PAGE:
Even a single relationship that is built on trust can stop the cycle of loneliness

Mari Vehkalahti / Finnish Red Cross
Image: Mari Vehkalahti / Finnish Red Cross

A friend survey conducted by the Red Cross shows that volunteer friends help people trust themselves, others and society more. Volunteer friend visitor activity can effectively prevent loneliness and social exclusion.

Friendships born through these activities are much like any other friendships built on trust, the survey by the Red Cross reveals. A total of 519 friend visitor volunteers around Finland responded to the survey, which was conducted in December 2017.
Maaret Alaranta, the social well-being coordinator for the Red Cross, believes these results bring hope into the work against loneliness and social exclusion in Finland.
"Loneliness can be eradicated. People feel confident to share their thoughts, feelings and experiences with a volunteer friend. Both sides also feel that these relationships are close and deep in nature. The survey shows that people trust their volunteer friends," says Alaranta.

Without a voluntary friend many people would be completely alone

According to the friend survey, the main reason why people take part in friend visitor activity is loneliness. People in all age groups and situations experience loneliness. Reduced mobility and old age also cause people to seek a voluntary friend. 
"Loneliness is detrimental to human well-being, which is why volunteer work that reduces loneliness has such a significant impact on both individuals as well as society. Even a single positive relationship can stop the cycle in which a constant feeling of worthlessness is crushing a person and making them even more isolated," says Maaret Alaranta.
Nearly all of the friend visitor volunteers estimate that people generally enjoy their visits (95.1%) and that the visits have cheered up their friends (98%). As many as 82% of the volunteers also believe that these activities reduce loneliness.
"A lonely person often feels invisible. Being noticed and meeting with someone even for a short while reduce loneliness. The feeling of belonging and being part of a group is important to us all," Alaranta describes.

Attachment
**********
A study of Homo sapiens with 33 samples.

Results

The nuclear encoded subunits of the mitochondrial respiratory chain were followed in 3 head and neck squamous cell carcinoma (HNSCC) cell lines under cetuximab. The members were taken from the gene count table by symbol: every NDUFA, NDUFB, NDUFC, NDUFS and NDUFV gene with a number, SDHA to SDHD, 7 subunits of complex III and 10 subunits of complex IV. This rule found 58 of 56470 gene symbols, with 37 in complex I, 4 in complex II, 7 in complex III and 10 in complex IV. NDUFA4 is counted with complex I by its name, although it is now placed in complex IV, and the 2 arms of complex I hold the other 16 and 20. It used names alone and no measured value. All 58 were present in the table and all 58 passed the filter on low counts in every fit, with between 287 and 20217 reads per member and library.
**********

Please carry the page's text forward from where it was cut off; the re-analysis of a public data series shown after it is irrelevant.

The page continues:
The friend visitor activities reduce the feeling of exclusion

According to the friend survey, the friend visitor activities encourage young people in particular to actively take part in a variety of things, such as hobbies.
"Friends provide company and support to a young person but also expand the boundaries of their world. A volunteer friend helps a young person form ties to their local communities. The friend visitor activities reduce the feeling of exclusion, since they allow for a young person to feel they can trust people and be trusted in turn," says youth researcher and Manager of Youth Shelters Leena Suurpää.
"One noteworthy group that was highlighted in the friend survey answers is formed by those young people who have recently moved to Finland. Having a voluntary friend is particularly important to them, because their trust in society is weak. They experience injustice and exclusion in their everyday lives and might not have existing support networks. The whole of society bears humane responsibility for the everyday lives of these young people," Suurpää continues. 
In 2016, approximately 7,400 people with immigrant backgrounds received help through the friend visitor activities organised by the Red Cross.

The Red Cross is inviting more volunteers to participate in the prevention of loneliness

Approximately 9,000 volunteers around the country are taking part in the friend visitor activities of the Finnish Red Cross. In 2016, about 32,500 people received help from the friend visitor activities. Typically, volunteers meet with their friends once a week or once every two weeks.
The volunteers who responded to the friend survey say that the friend visitor activities are rewarding and provide their lives with meaningful content and joy from helping others.
"In order to celebrate Valentine’s Day, we wish to welcome new people to take part in the friend visitor activities. A volunteer can scale their participation according to their own life situation. The most important thing is that nobody needs to be alone," Alaranta says.
A total of 519 friend visitor volunteers from all over the country responded to the friend survey. The survey was conducted in Finnish and Swedish in December 2017. The previous survey was done in 2015. The purpose of the survey was to map the volunteers’ experiences from the activities as well as their observations about the everyday lives of people they have met.